Anguilles au vert


by: NYC Cook

The original flemish name for the dish is "Paling op t groen" (eels on/at the green) which was rather faithfully translated in French "anguilles au vert". But in English "eels in green herb sauce" is the most common translation. These are plump river eels which have a firm white flesh and excellent texture and this dish is FABULOUS!



1 1/4 cups (300 ml) Fish Stock

1 tablespoon (15 g) butter

2 large shallots (minced)

1/2 clove garlic (crushed)

1 small sprig of thyme

1 small bay leaf

1/4 cup dry vermouth (such as Noilly Prat)

1/4 cup (25 g) shredded spinach leaves

1/4 cup (25 g) watercress leaves (stems removed)

1 tablespoon each chopped tarragon (flat-leaf parsley, chervil, and chives, plus extra for garnish)

1/4 cup (25 g) shredded sorrel leaves

1/4 loaf of French bread

1/4 cup Clarified Butter

12 oz (350 g) skinned eel fillets (cut into pieces about 4 inches (10 cm) long)

3/4 cup (175 ml) heavy cream

3 egg yolks

Lemon juice

Salt and freshly ground black pepper

Nutrition Facts
Anguilles au vert

Servings Per Recipe: 4

Amount per Serving

Calories: 501

  • Total Fat: 37.7 g
  •     Saturated Fat: 18.1 g
  •     Trans Fat: 0.6 g
  • Cholesterol: 340 mg
  • Sodium: 462.6 mg
  • Total Carbs: 16.9 g
  •     Dietary Fiber: 1.8 g
  •     Sugars: 3.9 g
  • Protein: 23 g

how is this calculated?


2.  Cut the bread on the diagonal into 4 long slices, no more than 1/2 inch (1 cm) thick. Fry the bread pieces in half the clarified butter for about 2 minutes on each side, until crisp and lightly golden. Keep warm in a Iow oven.

3.  Cut through the skin around the back of the head with a small, sharp knife.

4.  Using fish pliers, pull away about 1 inch (2.5 cm) of skin from all the way around the head.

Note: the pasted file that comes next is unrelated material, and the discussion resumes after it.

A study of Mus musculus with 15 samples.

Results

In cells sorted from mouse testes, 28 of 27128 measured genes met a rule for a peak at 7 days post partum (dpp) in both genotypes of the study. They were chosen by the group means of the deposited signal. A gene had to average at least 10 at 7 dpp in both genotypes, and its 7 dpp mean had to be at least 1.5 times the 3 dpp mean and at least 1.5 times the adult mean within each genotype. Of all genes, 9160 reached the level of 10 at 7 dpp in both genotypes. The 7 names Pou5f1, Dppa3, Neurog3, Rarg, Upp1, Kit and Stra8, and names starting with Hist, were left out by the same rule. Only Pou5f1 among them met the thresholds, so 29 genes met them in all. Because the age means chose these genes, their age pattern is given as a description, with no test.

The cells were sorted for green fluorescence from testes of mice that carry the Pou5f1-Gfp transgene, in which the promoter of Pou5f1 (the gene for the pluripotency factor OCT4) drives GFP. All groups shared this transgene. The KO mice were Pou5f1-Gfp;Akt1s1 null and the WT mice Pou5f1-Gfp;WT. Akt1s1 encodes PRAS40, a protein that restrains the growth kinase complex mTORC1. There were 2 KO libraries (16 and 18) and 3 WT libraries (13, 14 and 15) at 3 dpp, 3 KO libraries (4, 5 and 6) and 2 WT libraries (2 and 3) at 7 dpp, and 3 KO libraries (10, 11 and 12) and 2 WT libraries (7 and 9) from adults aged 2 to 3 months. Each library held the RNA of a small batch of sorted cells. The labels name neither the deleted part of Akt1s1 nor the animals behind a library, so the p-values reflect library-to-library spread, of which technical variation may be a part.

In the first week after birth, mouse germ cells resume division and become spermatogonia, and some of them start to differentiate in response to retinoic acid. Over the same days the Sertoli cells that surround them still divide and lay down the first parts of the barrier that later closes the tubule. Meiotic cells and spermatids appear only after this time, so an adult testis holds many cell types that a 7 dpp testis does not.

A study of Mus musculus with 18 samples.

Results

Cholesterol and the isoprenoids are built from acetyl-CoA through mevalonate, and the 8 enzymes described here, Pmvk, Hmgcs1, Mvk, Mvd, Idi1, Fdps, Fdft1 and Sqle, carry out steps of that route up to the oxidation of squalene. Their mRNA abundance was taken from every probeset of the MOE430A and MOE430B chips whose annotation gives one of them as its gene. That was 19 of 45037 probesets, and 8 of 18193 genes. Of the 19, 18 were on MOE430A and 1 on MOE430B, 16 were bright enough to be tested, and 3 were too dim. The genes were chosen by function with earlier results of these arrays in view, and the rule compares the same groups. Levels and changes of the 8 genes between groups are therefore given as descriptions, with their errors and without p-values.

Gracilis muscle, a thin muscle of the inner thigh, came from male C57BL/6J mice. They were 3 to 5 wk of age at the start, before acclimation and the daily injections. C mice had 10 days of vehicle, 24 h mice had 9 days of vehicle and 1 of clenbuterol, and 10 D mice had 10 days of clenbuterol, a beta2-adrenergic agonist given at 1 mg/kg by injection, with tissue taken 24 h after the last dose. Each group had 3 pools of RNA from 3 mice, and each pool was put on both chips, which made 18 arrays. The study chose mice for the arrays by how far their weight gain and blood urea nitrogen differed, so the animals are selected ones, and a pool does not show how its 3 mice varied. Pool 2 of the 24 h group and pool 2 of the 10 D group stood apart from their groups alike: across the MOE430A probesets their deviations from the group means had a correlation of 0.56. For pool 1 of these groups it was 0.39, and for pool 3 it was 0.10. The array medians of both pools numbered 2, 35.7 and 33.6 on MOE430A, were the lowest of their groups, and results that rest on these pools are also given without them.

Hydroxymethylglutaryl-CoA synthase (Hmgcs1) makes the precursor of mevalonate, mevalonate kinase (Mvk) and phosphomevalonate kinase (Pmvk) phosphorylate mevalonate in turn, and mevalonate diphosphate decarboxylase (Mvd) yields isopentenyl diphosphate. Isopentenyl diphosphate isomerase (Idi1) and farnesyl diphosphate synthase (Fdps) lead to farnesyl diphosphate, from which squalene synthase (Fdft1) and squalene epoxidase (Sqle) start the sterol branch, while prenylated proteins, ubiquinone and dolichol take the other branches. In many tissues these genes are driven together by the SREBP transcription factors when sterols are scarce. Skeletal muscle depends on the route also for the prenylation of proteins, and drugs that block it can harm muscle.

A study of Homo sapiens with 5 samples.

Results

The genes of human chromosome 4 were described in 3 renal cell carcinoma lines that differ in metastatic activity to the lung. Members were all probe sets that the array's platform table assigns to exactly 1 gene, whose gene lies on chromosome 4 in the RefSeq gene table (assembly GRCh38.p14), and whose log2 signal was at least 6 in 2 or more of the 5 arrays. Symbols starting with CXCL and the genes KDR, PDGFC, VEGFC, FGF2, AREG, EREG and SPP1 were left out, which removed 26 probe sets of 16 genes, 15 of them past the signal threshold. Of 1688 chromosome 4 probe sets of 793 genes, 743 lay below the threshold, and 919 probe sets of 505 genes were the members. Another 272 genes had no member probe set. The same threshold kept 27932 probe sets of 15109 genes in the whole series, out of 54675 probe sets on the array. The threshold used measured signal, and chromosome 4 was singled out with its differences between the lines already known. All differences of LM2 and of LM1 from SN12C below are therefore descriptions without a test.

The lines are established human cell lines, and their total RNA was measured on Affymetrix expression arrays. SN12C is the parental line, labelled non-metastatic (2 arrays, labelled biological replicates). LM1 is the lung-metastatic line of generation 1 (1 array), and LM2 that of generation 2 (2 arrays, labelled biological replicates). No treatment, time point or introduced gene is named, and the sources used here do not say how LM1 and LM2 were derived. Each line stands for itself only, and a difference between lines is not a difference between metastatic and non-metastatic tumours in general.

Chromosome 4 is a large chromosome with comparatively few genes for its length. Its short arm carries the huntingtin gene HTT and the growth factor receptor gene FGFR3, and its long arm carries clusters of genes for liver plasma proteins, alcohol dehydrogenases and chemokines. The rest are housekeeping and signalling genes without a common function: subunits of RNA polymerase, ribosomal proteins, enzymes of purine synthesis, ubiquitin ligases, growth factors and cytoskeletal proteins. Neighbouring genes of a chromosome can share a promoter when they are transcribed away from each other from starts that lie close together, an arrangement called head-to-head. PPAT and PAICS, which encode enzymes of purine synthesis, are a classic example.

5.  Hang the eel up by the head, with a meat hook or a piece of string, from something very secure and with plenty of room in which to work. Using a second pair of pliers, grab hold of some skin on either side of the eel and start to pull it away.

6.  As soon as the skin starts to come away more cleanly, firmly and steadily pull it down toward the tail. As you near the tail it will start to get a little harder, but just give it a vigorous final tug and it will come away completely, over the tail.

7.  To fillet the eel, lay it on a chopping board and cut off the head. Using a sharp, thin-bladed, flexible knife, make a shallow cut along the backbone of the fish, just above the line of bones. Start to cut away the fillet, keeping the blade of the knife as close to the bones as you can.

8.  As soon as you can get the whole blade of the knife under the fillet, rest your other hand on top of the fish and cut the fillet away in one clean sweep, down toward the tail. Turn the eel over and repeat on the other side.

9.  Cut the eel fillet diagonally into pieces that are 1 inch (2.5 cm) wide.

10.  Preheat the broiler. Brush the pieces of eel with the rest of the clarified butter and season. Arrange on a greased baking pan and broil, about 2 inches (5 cm) from the heat, for 1 to 1 1/2 minutes. Keep warm.

11.  Mix the cream and egg yolks together until smooth, then stir them into the sauce. Cook over a low heat, stirring, until lightly thickened, but take care not to get it too hot and boil or it will scramble. Season with a little lemon juice, salt, and pepper to taste, and whisk to make the sauce slightly frothy.

12.  To serve, put the slices of fried bread on four warmed plates and put some of the eel pieces on top. Spoon the sauce over the eel and garnish each plate with a small bunch of tarragon, parsley, chervil, and chives.

Cooks' note:
This is a classic eel dish, so eel it's got to be ... or does it? I have a feeling it would work well with thin fillets of flatfish such as plaice, lemon sole, gray sole, Petrale sole, or flounder, or with whiting.